Review – The Joker #5: First Night in Arkham


The Joker #5 – James Tynion IV, Matt Rosenberg, Sam Johns, Writers; Francesco Francavilla, Sweeney Boo, Artists

Ray – 9.5/10

Ray: It’s a change of pace in this issue, as Tynion is joined by Matt Rosenberg and Francesco Francavilla on the main story for a flashback to one of Gordon and Joker’s earliest encounters. After Captain Gordon pulls off a heroic rescue of one of his fellow officers, District Attorney Dent warns him that Joker’s been deemed not fit for trial and is headed for Arkham. Jim is still married to his first wife, and their marriage is on the rocks due to his workaholic tendencies, so we’re deep in Year One territory here. Gordon’s attempt to ensure proper security for Joker at Arkham runs into a problem—Arkham’s secure wing is essentially being used as private security for the insane brother of a prominent Gotham citizen.

So Gordon decides he’ll keep the Joker locked up himself if he has to, and becomes increasingly obsessed. This is a fascinating Joker story, because it’s a rare one where the clown does very little violent. Instead, it’s all about how he can subtly manipulate people and pull them into his twisted mind. As Gordon gets caught up in an Arkham riot and tries to keep Joker from taking advantage of the chaos, the night slips away from him. This leads to deadly consequences in Gotham as one of the city’s other villains scores a major victory—but it’s also the sign of a far more personal setback, as Jim makes a mistake that could cost him everything. Francavilla’s art is brilliant as always, and this may be one of the best comics Rosenberg has been involved in.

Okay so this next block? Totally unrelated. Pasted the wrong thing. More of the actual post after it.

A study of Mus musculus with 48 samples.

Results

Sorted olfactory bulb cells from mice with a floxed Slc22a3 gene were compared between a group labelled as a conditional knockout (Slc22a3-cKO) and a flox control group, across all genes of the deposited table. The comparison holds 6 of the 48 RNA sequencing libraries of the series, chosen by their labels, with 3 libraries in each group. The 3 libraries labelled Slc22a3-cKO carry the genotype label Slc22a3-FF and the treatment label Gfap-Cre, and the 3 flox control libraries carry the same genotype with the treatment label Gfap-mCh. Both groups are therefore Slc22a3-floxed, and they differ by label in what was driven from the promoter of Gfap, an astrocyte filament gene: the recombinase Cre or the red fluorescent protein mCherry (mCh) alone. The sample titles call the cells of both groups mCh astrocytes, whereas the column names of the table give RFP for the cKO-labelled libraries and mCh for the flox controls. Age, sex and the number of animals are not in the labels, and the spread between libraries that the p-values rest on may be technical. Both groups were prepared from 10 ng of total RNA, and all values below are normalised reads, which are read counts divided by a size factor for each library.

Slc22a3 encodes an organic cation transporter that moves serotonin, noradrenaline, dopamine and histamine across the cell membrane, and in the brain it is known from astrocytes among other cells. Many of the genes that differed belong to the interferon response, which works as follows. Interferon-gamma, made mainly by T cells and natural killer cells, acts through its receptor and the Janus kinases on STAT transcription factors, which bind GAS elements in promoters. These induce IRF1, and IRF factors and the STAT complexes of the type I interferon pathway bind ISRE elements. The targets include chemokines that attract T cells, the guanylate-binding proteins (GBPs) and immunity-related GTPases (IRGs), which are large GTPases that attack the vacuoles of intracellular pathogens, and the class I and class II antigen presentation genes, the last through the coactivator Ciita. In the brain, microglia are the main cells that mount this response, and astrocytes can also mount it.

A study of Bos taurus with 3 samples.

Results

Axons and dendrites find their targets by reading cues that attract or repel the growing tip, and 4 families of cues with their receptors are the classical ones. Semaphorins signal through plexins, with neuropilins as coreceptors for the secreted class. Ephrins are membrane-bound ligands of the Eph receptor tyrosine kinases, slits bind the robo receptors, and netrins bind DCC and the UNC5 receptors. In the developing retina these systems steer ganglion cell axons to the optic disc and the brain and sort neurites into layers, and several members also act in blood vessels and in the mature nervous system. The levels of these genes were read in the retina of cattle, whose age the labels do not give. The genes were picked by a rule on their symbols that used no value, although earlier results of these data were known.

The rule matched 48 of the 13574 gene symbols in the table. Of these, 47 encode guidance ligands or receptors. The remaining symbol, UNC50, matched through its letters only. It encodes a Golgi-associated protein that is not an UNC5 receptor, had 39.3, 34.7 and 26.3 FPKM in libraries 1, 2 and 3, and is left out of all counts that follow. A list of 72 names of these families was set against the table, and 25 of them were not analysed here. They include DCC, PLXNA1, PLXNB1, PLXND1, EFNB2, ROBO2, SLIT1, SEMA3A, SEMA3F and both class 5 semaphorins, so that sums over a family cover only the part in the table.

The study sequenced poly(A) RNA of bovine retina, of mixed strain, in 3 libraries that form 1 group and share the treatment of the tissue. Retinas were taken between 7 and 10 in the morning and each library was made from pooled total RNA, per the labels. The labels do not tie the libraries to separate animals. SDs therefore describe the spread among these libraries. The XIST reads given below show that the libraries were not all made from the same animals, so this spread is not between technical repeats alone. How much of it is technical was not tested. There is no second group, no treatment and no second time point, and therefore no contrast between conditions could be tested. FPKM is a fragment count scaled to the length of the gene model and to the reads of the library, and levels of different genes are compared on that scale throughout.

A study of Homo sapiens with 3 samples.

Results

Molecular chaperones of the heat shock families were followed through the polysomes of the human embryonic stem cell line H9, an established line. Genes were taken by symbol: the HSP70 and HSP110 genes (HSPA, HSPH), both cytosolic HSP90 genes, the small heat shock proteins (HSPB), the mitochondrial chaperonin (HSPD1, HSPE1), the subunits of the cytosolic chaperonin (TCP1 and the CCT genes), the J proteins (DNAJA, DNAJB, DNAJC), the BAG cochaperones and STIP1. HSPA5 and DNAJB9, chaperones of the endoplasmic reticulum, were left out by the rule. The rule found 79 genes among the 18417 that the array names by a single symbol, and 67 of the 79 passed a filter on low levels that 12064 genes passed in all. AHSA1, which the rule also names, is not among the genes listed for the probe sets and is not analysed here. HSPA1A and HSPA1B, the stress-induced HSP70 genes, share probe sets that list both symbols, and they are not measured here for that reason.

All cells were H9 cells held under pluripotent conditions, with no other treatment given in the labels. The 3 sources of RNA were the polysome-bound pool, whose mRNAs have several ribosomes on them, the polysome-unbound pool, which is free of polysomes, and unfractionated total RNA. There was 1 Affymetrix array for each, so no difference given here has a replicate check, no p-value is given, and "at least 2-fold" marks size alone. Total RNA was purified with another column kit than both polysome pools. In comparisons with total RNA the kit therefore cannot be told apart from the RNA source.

Then there’s the Punchline backup, welcoming new artist Sweeney Boo. Punchline once again barely appears in this issue, only showing up in the last few pages injured but firmly in control of the prison. This issue focuses mostly on Harper and Cullen, with Harper paying a visit to her scumbag father in prison and trying to get intel from him. Cullen, meanwhile, is falling deeper and deeper into the world of Punchline’s cult, with his boyfriend introducing him to some shady characters who fetishize Gotham’s worst villains. It’s a fine line between Punchline fans and Joker fans, and this issue makes some great points about radicalization.

To find reviews of all the DC issues, visit DC This Week.

GeekDad received this comic for review purposes.